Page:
I found the episode to be utterly juvenile, blatantly insulting to the intellect and most of all, boring. Not as terrible as "Love and Monsters" or the resolution of "Victory of the Daleks" where apparently you can modify a SpitFire aircraft for spaceflight in a few minutes, and a robot can stop himself from blowing up by just trying, really, really hard. But I can't believe this was done the same writer as "42", a really good, genuinely frightening episode on the level of "Event Horizon". And I also can't believe that this is the same series that gave us "Last of the Time Lords", "The Doctor's Wife" and "Silence in the Library." In this episode, there wasn't even anything to be enraged at. All the characters were dull and unlikable, including Matt Smith's 11th Doctor. The situations were contrived (either leave Rory and Amy behind for the entire episode or take them with you in the next, don't keep finding excuses to go back and forth).
I thought that the show's original purpose was to educate kids about history and maybe some science. Here we have an episode that perpetuates scientific ignorance. Dinosaurs were not mindlessly aggressive movie monsters. They were animals. They acted like animals. Just once in a movie or TV show, I'd like to see the creators address this. Dinosaur encounters a human, and then acts like a animal in that situation would do. Most likely it would sniff that human and then move on. I know that this misconception is spread across public consciousness, but this episode wins no points from me by perpetuating them.
All the scenes with dinosaurs were done much better when I saw them in Jurassic park. Even 20 years ago, the dinosaurs in that movie looked better, and the scenes involving them were far less contrived. Originally I cried during the scene in the first Jurassic Park movie with the triceratops. When I see the same scene in this episode, I feel nothing - mainly because it's trying to tell me that a triceratops is just a dog (which it is not), and so I felt nothing when it got killed because it was clearly just a fake piece of plastic.
Those "Pterodactyls" were no such thing. Those were pteranodons, and weren't dinosaurs, but flying reptiles. They missed a perfectly good opportunity for the Doctor to correct Rory's father about that fact, but they didn't. Would it have killed the writer of the episode to flip open a encyclopedia or skim a Wikipedia entry on the subject when he wrote it? It may sound like nit-picking, but there was so little to this episode that it was the only thing I could feel for it.
Nefertiti: Didn't care for. Her threats of breaking Riddell's neck falls upon deaf ears. That's one of the most common ways to die on the show, and just makes her look like overly violent *&^%#.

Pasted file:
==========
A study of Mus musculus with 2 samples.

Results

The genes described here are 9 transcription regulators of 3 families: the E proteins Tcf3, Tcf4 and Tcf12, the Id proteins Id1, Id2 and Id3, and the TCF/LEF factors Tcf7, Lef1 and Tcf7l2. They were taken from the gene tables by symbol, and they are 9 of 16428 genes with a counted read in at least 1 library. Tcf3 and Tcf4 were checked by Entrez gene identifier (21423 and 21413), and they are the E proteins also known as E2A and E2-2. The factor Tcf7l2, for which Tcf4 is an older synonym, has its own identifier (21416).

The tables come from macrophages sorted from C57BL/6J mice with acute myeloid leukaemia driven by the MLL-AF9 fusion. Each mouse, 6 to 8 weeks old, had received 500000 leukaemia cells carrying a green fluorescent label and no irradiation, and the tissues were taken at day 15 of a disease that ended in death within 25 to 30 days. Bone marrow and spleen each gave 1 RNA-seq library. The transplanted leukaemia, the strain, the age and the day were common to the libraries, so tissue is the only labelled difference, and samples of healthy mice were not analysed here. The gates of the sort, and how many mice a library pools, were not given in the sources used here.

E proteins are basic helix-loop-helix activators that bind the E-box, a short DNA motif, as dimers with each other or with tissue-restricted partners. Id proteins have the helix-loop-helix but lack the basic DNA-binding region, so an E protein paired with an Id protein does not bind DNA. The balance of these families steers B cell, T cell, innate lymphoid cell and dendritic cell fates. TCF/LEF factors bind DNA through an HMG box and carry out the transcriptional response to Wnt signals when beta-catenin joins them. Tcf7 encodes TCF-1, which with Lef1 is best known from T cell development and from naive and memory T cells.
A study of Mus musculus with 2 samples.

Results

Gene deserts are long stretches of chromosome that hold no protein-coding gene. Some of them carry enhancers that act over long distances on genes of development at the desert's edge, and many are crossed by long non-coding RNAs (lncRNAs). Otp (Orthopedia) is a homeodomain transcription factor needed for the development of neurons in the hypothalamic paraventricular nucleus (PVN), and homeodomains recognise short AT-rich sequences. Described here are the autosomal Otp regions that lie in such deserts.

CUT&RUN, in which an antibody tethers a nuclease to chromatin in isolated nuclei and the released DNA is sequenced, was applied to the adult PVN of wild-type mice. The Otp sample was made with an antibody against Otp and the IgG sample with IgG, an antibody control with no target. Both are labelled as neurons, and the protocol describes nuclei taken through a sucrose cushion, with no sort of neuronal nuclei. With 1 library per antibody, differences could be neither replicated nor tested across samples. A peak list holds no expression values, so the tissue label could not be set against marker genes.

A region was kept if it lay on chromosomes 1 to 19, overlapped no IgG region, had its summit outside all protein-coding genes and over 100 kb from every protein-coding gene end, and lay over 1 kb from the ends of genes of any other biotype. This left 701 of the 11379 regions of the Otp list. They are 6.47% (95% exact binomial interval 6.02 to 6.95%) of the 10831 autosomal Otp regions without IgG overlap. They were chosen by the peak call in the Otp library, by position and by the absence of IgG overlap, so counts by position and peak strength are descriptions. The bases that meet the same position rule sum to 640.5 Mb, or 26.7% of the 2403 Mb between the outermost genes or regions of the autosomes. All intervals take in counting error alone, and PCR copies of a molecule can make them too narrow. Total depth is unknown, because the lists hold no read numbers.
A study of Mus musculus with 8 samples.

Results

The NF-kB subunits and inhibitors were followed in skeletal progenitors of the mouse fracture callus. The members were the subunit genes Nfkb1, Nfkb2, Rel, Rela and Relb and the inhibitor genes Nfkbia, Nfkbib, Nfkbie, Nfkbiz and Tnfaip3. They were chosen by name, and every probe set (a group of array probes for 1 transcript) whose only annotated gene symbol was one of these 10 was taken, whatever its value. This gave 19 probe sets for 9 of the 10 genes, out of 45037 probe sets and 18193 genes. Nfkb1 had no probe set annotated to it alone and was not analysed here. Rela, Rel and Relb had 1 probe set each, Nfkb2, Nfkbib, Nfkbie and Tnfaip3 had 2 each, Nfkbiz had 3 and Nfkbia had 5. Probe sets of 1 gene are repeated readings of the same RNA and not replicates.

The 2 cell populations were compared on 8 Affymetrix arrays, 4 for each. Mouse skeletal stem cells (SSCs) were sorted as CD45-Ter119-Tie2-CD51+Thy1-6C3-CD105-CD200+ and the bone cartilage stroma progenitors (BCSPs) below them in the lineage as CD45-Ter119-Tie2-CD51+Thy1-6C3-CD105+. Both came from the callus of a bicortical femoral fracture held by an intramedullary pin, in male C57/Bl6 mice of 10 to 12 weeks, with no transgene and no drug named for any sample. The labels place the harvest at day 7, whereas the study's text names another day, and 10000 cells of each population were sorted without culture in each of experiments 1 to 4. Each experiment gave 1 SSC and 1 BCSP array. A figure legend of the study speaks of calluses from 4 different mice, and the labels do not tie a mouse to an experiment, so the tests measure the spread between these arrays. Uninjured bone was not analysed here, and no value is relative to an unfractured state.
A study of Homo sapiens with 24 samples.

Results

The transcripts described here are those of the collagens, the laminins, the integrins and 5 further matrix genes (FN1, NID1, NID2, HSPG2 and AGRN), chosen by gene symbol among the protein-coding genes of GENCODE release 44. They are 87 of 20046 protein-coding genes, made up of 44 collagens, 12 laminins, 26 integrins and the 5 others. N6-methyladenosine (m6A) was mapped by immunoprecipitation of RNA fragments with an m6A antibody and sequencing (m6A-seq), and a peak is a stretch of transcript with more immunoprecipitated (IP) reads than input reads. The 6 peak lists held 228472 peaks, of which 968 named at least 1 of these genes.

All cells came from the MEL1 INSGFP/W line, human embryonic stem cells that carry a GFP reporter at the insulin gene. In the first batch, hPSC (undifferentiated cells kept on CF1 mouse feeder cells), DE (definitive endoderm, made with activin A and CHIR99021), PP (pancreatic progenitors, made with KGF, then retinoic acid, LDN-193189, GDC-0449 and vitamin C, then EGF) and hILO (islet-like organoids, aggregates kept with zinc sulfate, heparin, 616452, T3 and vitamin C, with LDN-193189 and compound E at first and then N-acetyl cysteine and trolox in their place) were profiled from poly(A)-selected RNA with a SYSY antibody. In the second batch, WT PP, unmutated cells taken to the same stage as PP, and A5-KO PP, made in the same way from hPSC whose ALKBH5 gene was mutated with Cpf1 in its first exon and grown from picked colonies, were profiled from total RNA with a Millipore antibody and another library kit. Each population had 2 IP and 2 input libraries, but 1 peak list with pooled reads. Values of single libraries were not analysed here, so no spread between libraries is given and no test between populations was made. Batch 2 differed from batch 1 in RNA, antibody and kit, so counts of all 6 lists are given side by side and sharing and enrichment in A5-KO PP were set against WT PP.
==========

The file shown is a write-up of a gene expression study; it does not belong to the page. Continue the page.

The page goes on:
Rory's Father: Didn't care for. The last shot of him eating his launch in space was stupid and pointless.
Amy: Didn't care for. Her and Rory time as companion has long since overstayed her welcome, and really should have ended a season and a half ago.
Rory: Didn't care for.
Riddell: Enraged that he was a ripoff of several characters from Jurassic Park. Now, if he was replaced by Arthur Conan Doyle and acted like Professor Challenger, it would have been awesome and made more sense, as in the events of this episode inspires him to write The Lost World.
The Doctor: Three seasons in, and my opinion of him has not changed in the slightest. In this episode I felt nothing because Matt Smith is a terrible actor, even when he kills the villain I felt it was par the course. He's still the same dull, irritable, non-expressive, anti-social little twerp who is trying way too hard to imitate David Tennant's energy and likability. Matt Smith would be better cast as the Doctor's anti-social son, "The Associate" rather than the Doctor himself.
Solomon: The most interesting character. Too bad his appearance had no mystery behind it or any reason to be interested. So he wants the dinosaurs, so he killed the Silurians. Wouldn't it have been awesome if Solomon instead turned out to be say, The Master or some other great foe of the Doctor? That would have briefly livened my interest.
Good parts: (1) The "balls" jokes. It made me briefly chuckle in the abyss of boredom.
(2) The Doctor saving dinosaur species and giving them a new planet. Awesome.
Conclusion: In every season, there is usually one or two really good episodes, balanced by one or two really, really bad episodes. I hope that this was the only really, really bad episodes in this season, though with the next one involving a cyborg gunslinger I doubt it.